As of 2021, about 16 percent of Americans had earned money through an online gig work . While contract labor is not new, the growth of online and app-based gig work has caused new tax headaches for everyone from the IRS to people who use third-party payment platforms like Venmo and PayPal, Uber drivers, and Airbnb hosts.

Congress’s decision last year to lower the reporting threshold for Form 1099-Ks to $600 from  the current $20,000 and 200 transactions is a workable, if imperfect, solution to this problem. And, it would close what is effectively a $19,400 reporting gap. However, the IRS has delayed the new requirement for a year, with unclear legal authority. Without reporting, the IRS has difficulty determining if gig workers are paying the correct amount of tax and these workers have a tougher time knowing how much they owe.

Unlike traditional employees, gig workers are classified as independent contractors. That raises  questions about whether they are currently misclassified, since unlike employees they are not afforded most labor protections, such as overtime pay and minimum wages.

It also means they must file their taxes as independent contractors. Employees have their income reported on a Form W-2, have taxes automatically withheld, and their employers pay half their Social Security and Medicare employment tax. But independent contractors have none of this support. Because they receive little indication that they must pay taxes on these earnings, many seem unaware that they may owe both payroll and income taxes.

Failing to file an income tax return can mean missing out on important benefits such as the child tax credit (CTC) and the earned income tax credit (EITC). Workers who fail to pay self-employment tax risk losing Social Security and Medicare benefits, risking their financial well-being in retirement. And, absent tax withholding, gig economy jobs appear higher-paying and more attractive than they really are.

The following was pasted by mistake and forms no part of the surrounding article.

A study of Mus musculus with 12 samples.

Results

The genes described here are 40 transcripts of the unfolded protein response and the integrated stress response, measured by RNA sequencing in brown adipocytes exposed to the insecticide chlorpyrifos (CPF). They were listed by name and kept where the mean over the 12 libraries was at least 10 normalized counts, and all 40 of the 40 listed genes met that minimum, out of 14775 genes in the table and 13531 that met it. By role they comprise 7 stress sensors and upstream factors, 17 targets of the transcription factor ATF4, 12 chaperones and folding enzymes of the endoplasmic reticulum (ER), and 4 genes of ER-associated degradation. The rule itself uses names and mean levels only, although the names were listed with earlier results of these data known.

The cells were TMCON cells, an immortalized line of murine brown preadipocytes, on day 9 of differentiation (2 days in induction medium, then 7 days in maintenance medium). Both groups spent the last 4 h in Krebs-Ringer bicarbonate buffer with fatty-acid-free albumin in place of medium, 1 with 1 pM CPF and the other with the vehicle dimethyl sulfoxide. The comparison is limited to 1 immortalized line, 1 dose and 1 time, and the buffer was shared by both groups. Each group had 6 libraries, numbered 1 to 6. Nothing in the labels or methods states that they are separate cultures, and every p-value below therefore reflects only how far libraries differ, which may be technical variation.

This reporting gap has likely benefitted the online platforms and electronic payment apps that gig workers and other independent contractors often work through. Not only does it reduce the firms’ own reporting requirements, it allows them to attract workers who may want to avoid taxes. And, it’s worth remembering that the platforms can voluntarily issue 1099s but have chosen not to.

The IRS decision to delay the new reporting requirements is itself controversial. And several Republican members of the House Ways & Means Committee are pushing legislation to permanently retain the $20,000/200 transaction threshold.

While the lower reporting threshold is one way to help gig workers pay the right amount of tax, it does bring additional scrutiny. Sponsors of the House bill call the new reporting requirement “unfair.” Yet there is no wage threshold at all for Form W-2 wage reporting for employees. And while an annual W-2 makes it harder to avoid paying taxes, it also makes tax filing easier.

Lowering the 1099-K reporting threshold is an imperfect and incomplete solution to the complicated tax issues surrounding the gig economy. But it is not an additional tax, and it is not a sales tax on online transactions. Not only could Form 1099-K reporting put gig workers on more-equal tax footing with employees, it could reduce many headaches for both workers and the IRS.